Friday, June 08, 2007

First Do No Harm....

The first rule of the Hippocratic Oath taken by new doctors when they are sworn into the profession is: "First, do no harm".

It's hard to reconcile that with the factual over-drugging of Americans, being done for the profit of and at the instigation of, the drug companies making drugs they have pushed through the FDA without adequate testing.

This came up because I just received this success story from one of Narconon's dedicated staff (also a graduate of their drug rehabilitation program), Patricia Bean-Meyer:
An angel delivered me to the doors of life!
My life was miserable. I had lost my husband and was soon to lose my children. I felt helpless. I was a clinical drug addict. My nightstand beside my bed held Xanax, Oxycontin, Lortabs, Somas, and some other kinds of sleeping pills. All prescribed to me by medical doctors.
At one time I had my own business. A beautiful family. Everything a person would want. But my life had turned into a living nightmare. I didn't eat food. I took drugs. I didn't clean my home. I shot up drugs. I didn't love my family. I didn't love myself. I was a wreck.
I made several reaches for help. Doors were slammed in my face. I was told I would always take medications. I could not come off all the meds without dying. Doctors told me this. Several rehabs turned me down, I was too addicted. Society turned its back on my screams and cries for help. What's the use, I'm doomed to live this life of misery. I overdosed on October 14th of 2004. My 6 year old daughter found me with no breath, no heart beat. She called for help.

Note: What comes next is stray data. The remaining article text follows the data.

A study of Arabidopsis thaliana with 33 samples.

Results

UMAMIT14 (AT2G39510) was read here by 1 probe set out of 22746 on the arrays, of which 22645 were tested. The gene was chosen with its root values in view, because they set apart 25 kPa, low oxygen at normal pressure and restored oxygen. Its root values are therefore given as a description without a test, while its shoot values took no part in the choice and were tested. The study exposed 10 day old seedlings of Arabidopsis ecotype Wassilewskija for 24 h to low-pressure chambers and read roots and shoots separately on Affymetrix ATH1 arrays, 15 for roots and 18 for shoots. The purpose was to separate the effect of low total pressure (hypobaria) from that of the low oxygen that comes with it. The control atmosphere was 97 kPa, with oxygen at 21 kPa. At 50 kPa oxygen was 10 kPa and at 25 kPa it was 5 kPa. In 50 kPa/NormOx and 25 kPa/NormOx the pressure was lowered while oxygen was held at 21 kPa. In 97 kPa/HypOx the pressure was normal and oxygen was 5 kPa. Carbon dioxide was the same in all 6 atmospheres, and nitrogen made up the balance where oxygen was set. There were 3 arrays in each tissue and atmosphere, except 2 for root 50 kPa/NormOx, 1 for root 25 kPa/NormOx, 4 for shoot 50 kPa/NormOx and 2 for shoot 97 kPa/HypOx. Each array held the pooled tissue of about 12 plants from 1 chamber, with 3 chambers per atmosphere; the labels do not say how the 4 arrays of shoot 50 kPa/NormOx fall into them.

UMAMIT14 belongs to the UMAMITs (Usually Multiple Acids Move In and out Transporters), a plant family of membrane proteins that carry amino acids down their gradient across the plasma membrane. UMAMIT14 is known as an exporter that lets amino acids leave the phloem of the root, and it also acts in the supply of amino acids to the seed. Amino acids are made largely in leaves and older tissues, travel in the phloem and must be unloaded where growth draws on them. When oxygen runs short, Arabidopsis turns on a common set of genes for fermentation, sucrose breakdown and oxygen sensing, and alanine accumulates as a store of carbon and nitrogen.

Somehow, I made it through the night. I refused emergency services but agreed to go to the hospital with my father. Everything was such a blurr. The pain and anguish I saw in my father's eyes is something no parent should feel.
I was the true example of what clinical drugs can do to a human being. I was walking death. Just a body with no mind or spirit left. Narconon® accepted me. An angel delivered me to the doors of life.
I went through the program and I stayed to train. I am now a living, loving, productive human being. Narconon gave me the tools to remain clean, the tools to pick myself up and to keep myself out of danger.
My parents have a daughter. My sisters have a sister. My children have a mother. My future grandchildren have a grandmother, someone they can be proud of. Not a drug addict.
Narconon gave me back my will. My God did not condemn me to a life of drugs. I chose to do drugs.
My biggest win, is I'm helping in the war against drugs. I know within every cell of my existence that we can save lives from drug addiction. I have purpose.

Narconon Arrowhead Graduate, February 18, 2005
Story written May 2007
The great thing about the Narconon program is how many people who do their drug program then stay on to help others get through it, like Patricia. The other great thing about it is that they aren't addicted to a new drug -- about 70% of them stay clean for life, not needing to go back to rehab again.